Here Kerri Gunn, 50, tells the story in her own words.
Twiddling my thumbs, I watched the clock tick.
It was 2am and I was working a night shift.
Bored, I got an idea.
What if I become friends with everyone with the same name as me? I pondered.
So, on Facebook, I searched Kerri Gunn.
Results poured in from all over the world.
We’re international! I smiled.
Sending friend requests out, I attached messages to more than 30 Kerri Gunns.
My name is Kerri, I typed. We have the same name, let’s be friends.
As I expected though, the majority of my messages went unanswered. Some blocked me and other requests were denied.
Do people think I’m trying to steal their identity? I chuckled. It’s my name, too!
Then my phone pinged.
Kerri Gunn has accepted your friend request, it read.
Posting on my Facebook, I let my other friends know what I was up to.
Call me crazy but I just added 30 Kerri Gunns to be my friend, I wrote.
Many of my mates responded thinking it was hilarious, but my new bud Kerri surprised me.
I am pleased to be your friend, she wrote.
Instantly my heart was filled with warmth. Sending her a private message we got to chatting about our lives.
She was 47, from California and was happily married with kids. Snapping pictures of where we lived, we chatted online for weeks.
I even sent her a package full of Aussie goodies!
Packing up Tim Tams, a Cherry Ripe, Crunchie, and a stubby holder, I posted it off.
You shouldn’t have! Kerri beamed over her gifts.
But one day Kerri shared some sad news with me. Her mum had just passed away and she was heading back to her family home in Florida.
Jumping in my car, I travelled 45 minutes to a beautiful church in Brisbane.
Lighting a candle, I took a photo and sent it with my well wishes to the Gunns.
I’m thinking of you all today, I wrote to Kerri.
You are so sweet, she gushed in reply.
Then I received a friend request from Kerri’s brother, Phillip.
It’s so nice to have a light burning for Mum on the other side of the world, he wrote.
Soon I had every member of the US Gunn household befriending me.
You need to come to Florida! they wrote.
Turning to my hubby Michael, I threw out the idea.
‘Let’s take the whole family,’ he said, jumping at the chance.
Packing our bags, my hubby and two boys, Jonathan, 18, and Matthew, 15, and I set off.
I instantly recognised Kerri’s glowing smile from her pictures.
Running towards each other with open arms we were like long lost sisters.
‘Nice to meet you Kerri,’ I said
‘You too, Kerri,’ she laughed.
We enjoyed delicious American food and hit all the tourist sites together.
Phillip even took us to an American football game!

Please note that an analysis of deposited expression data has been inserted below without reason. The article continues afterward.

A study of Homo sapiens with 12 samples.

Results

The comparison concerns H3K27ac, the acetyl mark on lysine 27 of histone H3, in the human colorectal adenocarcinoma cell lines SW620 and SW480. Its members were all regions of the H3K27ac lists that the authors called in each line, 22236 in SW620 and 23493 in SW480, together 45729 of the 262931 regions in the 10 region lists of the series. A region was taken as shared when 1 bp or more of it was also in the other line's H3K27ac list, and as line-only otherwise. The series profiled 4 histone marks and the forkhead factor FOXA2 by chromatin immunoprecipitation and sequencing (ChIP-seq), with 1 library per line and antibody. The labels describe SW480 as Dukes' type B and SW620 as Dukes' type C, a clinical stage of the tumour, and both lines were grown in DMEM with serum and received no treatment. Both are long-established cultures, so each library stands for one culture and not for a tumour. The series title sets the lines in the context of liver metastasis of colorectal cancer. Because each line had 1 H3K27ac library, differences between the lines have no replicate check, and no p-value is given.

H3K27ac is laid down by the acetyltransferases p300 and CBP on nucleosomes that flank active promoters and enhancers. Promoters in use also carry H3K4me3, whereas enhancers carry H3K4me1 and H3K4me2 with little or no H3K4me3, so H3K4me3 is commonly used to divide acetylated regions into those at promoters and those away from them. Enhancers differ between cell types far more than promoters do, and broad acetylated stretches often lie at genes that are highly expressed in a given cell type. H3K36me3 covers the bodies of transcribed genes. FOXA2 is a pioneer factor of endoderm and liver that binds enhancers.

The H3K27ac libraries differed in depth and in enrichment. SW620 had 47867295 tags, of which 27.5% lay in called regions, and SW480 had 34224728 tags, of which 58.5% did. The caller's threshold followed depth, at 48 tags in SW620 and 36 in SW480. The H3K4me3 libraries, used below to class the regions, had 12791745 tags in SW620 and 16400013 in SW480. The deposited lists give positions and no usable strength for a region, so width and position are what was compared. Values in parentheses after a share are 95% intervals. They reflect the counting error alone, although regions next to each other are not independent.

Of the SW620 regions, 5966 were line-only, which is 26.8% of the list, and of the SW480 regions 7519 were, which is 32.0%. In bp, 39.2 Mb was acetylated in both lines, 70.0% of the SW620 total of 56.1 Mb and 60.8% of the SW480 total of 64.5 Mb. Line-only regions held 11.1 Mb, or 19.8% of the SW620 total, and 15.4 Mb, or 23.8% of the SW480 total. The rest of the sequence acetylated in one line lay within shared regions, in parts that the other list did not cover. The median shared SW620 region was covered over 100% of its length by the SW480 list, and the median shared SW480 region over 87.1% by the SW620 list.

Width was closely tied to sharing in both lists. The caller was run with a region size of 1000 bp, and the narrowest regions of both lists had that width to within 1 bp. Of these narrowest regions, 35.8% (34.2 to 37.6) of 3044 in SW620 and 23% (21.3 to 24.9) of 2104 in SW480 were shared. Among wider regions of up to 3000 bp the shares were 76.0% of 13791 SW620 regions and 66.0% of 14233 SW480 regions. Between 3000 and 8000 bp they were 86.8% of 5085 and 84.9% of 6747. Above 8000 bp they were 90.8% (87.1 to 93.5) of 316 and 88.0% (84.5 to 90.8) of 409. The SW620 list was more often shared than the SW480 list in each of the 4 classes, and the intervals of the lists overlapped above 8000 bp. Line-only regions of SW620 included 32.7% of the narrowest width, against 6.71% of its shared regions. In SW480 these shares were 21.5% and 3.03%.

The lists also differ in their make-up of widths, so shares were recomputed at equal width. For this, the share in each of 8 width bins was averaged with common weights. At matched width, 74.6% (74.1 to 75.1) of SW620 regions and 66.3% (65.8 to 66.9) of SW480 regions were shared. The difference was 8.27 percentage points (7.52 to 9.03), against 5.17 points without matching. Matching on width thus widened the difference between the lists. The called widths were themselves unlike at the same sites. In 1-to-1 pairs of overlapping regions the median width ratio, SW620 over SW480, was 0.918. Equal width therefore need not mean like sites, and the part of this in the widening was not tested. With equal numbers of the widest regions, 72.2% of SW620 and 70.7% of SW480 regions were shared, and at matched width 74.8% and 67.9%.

And when we had to bunker down during Hurricane Matthew, they opened their homes to us.
Even though we had just met, we didn’t feel like strangers at all.
They even invited us to stay for Thanksgiving.
We felt like we were a part of the family.
‘Don’t be strangers now,’ I said, waving the Gunn family goodbye.
And sure enough, a year later, Kerri packed her bags and came to say G’day.
I made sure to give her the true Aussie experience.
She enjoyed a lamington, cuddled a koala, went to the beach and bottle-fed a joey.
After I made her toast one morning, she slathered on the Vegemite.
‘Kerri!’ I said.
But before I had the chance to tell her she’d used too much, she bit into her brekkie.
‘Yuck!’ she exclaimed.
Laughing together, I remade her a slice with just the perfect amount of Vegemite smeared on top.
‘That’s better,’ she smiled.
Hearing my phone ping, I turned to Kerri in shock.
‘Kerri Gunn accepted your friend request,’ I said.
This Kerri was from Romania and wanted to meet up, too!
‘Now the Kerri Gunn club has grown to three members,’ we laughed.
Waving Kerri goodbye at the airport, it was sad to see her go. But I know it won’t be forever.
We now send each other parcels when a new grandchild arrives and for Christmas and birthdays.
I believe there are more good people in the world than bad and you have to take a chance. You never know what friendship is waiting.
‘Two years ago I asked a stranger with my name to be my friend, and she is a great one!’ I tell everyone.
It’s funny how a namesake created such a tight friendship.
We plan on going to Scotland to find out our surname’s ancestry, but I think we might make a quick pit stop in Romania first!
Meet the Shirleys!
In 1996, Shirley Brown from WA put an ad in the paper asking for people named Shirley to come together for a cup of tea – and 65 Shirleys showed up! Now, 22 years on, there’s a Shirley Club in every state and territory in Australia, as well as three in New Zealand. In the US, there are almost 400 members. But what happens when all the Shirleys are in a room and you need to find someone? The members have already figured that out. ‘If someone calls across the room, they use your surname,’ Shirley Brushaber told Oversixty.com. ‘And, of course, all the surnames are shortened, so Robertson is Robbo, Brushaber is Brushy and so on. Our motto is fun, food and friendship, and we have lots of it.’